Iconic Porsche fails to sell in auction shambles

RM Sotheby’s auction in California last week had it all – an iconic car, a cashed-up crowd, Nazi historical connections and a controversial conclusion.

An embarrassing blunder by the auctioneer caused chaos at the potential sale of one of Porsche’s most iconic vehicles. The company’s auction of the Porsche Type 64 at the Monterey car week was expected to fetch for more than US$20m ($29m) for the rare sports car but instead it went unsold after the auctioneer messed it up.

The Type 64, a car referred to by Porsche itself as the “great grandfather” of every sports car to come from the Stuttgart brand, was designed by Ferdinand Porsche in 1939 using many components and ideas taken from his Volkswagen Beetle design. It was meant to compete in a race that year between Germany and Italy to celebrate the ties between the Nazi government of the time and facist Italy.

Unfortunately World War Two broke out and Porsche had to wait until 1948 before he could create his first production-ready model – the 356; which shares many similarities with the Type 64. So naturally the anticipation was high for the auction of the Type 64 last week, with only two examples every produced and surviving the war.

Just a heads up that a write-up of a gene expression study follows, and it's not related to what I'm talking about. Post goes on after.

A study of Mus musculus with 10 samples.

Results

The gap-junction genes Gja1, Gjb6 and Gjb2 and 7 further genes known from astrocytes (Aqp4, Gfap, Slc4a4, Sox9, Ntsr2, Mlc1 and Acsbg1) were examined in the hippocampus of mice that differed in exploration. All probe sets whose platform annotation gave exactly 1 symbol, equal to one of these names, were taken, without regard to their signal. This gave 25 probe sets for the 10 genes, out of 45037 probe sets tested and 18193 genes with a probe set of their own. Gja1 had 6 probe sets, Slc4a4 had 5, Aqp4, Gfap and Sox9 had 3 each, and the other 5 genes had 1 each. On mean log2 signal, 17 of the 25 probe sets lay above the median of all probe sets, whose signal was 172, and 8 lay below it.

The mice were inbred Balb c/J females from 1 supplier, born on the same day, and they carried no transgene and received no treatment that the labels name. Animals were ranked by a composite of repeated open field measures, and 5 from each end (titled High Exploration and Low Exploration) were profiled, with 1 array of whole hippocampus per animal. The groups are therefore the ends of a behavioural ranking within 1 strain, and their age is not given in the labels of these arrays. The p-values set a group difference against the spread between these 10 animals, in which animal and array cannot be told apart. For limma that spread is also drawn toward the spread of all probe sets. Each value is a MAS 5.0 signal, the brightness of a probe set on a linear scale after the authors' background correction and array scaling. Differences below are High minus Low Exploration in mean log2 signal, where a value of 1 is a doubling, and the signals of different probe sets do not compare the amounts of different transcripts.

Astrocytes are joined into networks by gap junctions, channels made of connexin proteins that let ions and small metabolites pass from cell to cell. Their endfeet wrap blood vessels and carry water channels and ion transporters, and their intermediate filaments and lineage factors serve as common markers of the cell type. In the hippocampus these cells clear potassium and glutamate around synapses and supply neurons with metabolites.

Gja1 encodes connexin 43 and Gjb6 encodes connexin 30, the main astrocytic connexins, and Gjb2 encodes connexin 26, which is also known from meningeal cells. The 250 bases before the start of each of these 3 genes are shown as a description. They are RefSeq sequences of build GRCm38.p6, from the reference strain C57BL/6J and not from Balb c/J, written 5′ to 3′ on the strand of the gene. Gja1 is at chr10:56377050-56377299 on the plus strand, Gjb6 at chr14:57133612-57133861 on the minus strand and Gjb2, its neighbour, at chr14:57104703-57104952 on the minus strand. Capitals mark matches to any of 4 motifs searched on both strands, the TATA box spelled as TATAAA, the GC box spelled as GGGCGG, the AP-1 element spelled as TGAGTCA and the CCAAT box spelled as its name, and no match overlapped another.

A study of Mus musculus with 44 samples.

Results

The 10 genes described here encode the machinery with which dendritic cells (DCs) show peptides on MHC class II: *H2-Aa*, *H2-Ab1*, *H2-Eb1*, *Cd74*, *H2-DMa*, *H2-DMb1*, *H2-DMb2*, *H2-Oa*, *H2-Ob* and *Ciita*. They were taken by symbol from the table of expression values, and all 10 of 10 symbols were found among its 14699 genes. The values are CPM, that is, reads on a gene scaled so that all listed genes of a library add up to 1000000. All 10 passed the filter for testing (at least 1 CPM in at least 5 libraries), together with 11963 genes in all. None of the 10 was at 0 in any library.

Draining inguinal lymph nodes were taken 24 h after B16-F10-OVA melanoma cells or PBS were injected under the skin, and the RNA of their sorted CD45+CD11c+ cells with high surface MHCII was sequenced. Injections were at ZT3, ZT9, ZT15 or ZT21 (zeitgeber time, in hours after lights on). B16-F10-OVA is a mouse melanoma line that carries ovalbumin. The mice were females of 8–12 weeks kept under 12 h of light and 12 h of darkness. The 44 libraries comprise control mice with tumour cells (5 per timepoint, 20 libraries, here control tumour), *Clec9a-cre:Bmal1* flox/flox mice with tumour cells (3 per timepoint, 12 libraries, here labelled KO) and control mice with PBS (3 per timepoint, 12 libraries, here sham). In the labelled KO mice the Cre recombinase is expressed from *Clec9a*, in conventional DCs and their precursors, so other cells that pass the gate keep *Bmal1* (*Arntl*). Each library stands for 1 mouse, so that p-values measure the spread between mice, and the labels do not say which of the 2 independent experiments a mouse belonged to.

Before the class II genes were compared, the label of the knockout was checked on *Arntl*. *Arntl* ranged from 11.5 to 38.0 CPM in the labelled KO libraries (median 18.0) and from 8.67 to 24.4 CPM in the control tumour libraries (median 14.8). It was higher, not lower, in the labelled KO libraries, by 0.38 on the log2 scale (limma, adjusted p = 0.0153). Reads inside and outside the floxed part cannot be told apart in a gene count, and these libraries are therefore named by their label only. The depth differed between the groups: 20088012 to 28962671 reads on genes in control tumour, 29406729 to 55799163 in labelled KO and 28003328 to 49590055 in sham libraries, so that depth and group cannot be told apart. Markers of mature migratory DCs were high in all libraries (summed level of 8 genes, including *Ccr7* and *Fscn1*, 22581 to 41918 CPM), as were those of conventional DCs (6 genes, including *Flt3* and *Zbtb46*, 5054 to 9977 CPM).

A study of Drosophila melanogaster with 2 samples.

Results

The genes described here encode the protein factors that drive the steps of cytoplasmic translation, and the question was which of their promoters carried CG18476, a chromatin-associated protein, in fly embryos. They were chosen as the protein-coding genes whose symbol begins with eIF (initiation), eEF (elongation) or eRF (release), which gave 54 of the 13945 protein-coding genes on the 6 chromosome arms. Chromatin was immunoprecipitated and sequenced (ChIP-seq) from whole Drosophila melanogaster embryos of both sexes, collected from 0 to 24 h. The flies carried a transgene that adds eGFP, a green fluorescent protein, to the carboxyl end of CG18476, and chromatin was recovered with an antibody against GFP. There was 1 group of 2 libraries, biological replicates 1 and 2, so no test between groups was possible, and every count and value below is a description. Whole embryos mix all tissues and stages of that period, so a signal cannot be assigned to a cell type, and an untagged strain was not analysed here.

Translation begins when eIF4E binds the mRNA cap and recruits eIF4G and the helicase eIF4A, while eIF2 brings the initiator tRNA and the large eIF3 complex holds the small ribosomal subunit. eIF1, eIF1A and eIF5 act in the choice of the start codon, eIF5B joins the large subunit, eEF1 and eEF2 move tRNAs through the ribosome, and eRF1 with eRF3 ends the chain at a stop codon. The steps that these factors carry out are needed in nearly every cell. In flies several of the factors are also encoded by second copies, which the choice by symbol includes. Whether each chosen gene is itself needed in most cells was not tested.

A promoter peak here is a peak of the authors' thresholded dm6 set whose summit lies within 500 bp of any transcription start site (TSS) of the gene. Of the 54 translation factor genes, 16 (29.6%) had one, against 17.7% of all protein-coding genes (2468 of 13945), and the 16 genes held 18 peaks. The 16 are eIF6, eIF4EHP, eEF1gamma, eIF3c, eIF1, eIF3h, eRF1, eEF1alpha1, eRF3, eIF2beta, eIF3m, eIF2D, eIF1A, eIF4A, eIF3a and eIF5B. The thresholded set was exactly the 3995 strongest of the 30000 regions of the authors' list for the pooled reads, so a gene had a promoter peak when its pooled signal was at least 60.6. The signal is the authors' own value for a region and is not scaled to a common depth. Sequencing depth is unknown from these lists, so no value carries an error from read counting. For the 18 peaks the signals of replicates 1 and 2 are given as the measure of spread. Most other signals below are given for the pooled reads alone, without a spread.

For some reason, with some claiming a mistake while others declaring it a bad joke, the auctioneer started the bidding at US$30m ($44m) and eventually reaching US$70m ($103m). However, he corrected himself and said he meant to start at US$13m ($19m) and the bidding had only reached US$17m ($25m). At this point the audience was both laughing and booing resulting in a swift and embarrassing end to what should have been a historic night of sales. 

As it stands the Type 64 is still for sale on the RM Sotheby’s website, but there is no indication yet if they will attempt to auction it again.